18-Year-Old PR’D On Gun Charge Re-Arrested After Police Say He Kidnapped His Ex-Girlfriend

Following the January 29 arrest of 18-year-old Donnavon Fulton, a question seemed to linger behind an alleged string of violent crimes committed over a week-long period: Why was he released on personal recognizance bond less than a year earlier?

On 3 April 2018, Mr. Fulton was incarcerated on one felony count of Carry Firearm Public Buildings/ADJ Area ($20,000.00), and released on PR bond by Magistrate Alvin E. Bligen of the Centralized Bond Hearing Court on Leeds Avenue -- the same court Judge Baldwin is employed.

Donnavon Fulton's April 2018 weapons charge, per CCSO Inmate Search and the SC Judicial Department.

Since the events of his April arrest transpired, Fulton now faces the most daunting arrest of his life -- eight felony charges, including Assault and Battery 1st Degree, Kidnapping, Criminal Sexual Misconduct First Degree, two counts of Possession of a Weapon During a Violent Crime and two counts of Discharging Firearms into a Dwelling.

His total bond amount resides at $450,000.00, with charges of Kidnapping and Criminal Sexual Misconduct denied bond.

Fulton's January 29 charge information, per CCSO Inmate Search.

Live5News was the first media outlet to break the story of Fulton's arrest, which documented the detective work of the North Charleston Police Department to piece together a litany of felony offenses -- spread over three locations. And per NCPD, it even involves his mother.

A Chilling Series of Events

Beginning on January 21, Fulton visited his ex-girlfriends place of work, and awaited her to clock-out. According to officials, as she exited the building, she was confronted and beaten in the head, face and neck over a social media post the victim claims had nothing to do with Fulton. He then demanded her to pay a visit to his apartment, as she was covered in bruises and scratches.

Fulton took the victim back to his apartment, where a confrontation and assault ensued. According to a police report, after being requested by his mother to "take it outside", the victim was again assaulted by having her head slammed against a tree, while being kicked and punched.

On January 22, an officer was flagged down at a Spinx gas station on Rivers Avenue by Donnavon Fulton's mother, who claimed her son to have threatened her as he demanded her car keys. She refused because her son did not own a driver's license.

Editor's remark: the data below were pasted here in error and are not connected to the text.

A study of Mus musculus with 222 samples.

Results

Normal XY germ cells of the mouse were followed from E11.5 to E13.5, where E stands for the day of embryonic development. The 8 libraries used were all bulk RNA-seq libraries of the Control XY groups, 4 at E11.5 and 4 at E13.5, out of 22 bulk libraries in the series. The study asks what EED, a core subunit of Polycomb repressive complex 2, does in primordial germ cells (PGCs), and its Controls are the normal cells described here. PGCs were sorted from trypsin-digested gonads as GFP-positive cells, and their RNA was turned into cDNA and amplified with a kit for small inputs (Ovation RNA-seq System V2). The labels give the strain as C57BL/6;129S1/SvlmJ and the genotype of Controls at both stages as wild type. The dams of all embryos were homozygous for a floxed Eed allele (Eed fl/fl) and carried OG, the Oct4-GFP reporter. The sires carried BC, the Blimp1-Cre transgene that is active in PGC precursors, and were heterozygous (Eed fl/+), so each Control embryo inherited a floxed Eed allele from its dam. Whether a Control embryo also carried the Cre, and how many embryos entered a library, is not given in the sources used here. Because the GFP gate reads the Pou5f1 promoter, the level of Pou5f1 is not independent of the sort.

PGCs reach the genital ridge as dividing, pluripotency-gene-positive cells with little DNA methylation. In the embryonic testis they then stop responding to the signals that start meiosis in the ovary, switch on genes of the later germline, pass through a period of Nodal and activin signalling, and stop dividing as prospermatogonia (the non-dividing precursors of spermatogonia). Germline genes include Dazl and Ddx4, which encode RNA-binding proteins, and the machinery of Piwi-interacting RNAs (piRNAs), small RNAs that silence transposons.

A Cruiser of the North Charleston Police Department.

Fulton became enraged and began throwing various items, creating holes in the walls. Then, according to his mother's testimony, he grabbed onto her clothes and slammed her into the wall to prevent her from leaving. She eventually escaped, where she reported the information to an officer stationed outside of the Spinx gas station, as listed above.

The last event of this case involves a bulk of the crimes officials accuse Fulton of committing. The day following the first report of assault was made, police began investigating the scene of a firearm attack at the apartment of Fulton's ex-girlfriend.

Her mother told police that her apartment had been vandalized by gunfire. NCPD officials discovered an array of bullet holes in the outer wall of the apartment, the victim's bedroom window and wall. Children were in the bedroom at the time of the attack.

A Judge's Questionable Decision

At the time Donnavon Fulton was arrested in April 2018, his 18th birthday passed just less than two months prior. Judge Bligen, in fairness -- likely recognized that Fulton was a first-time offender -- but failed in weighing the nature of his charge (a felony weapons possession charge) as he granted him personal recognizance bond.

What is even more dangerous about Fulton's PR bond is within the youth of this man -- he is the future of our community, and it is of no service to grant his release as if it will accomplish a mean of good -- or a lesson to be learned.

We all deserve second chances, but it can be stated in evidence that Fulton did not effectively learn from his first visit to the Al Cannon Detention Center last year. Perhaps an out-of-pocket bond payment would have reduced the likelihood of re-offending.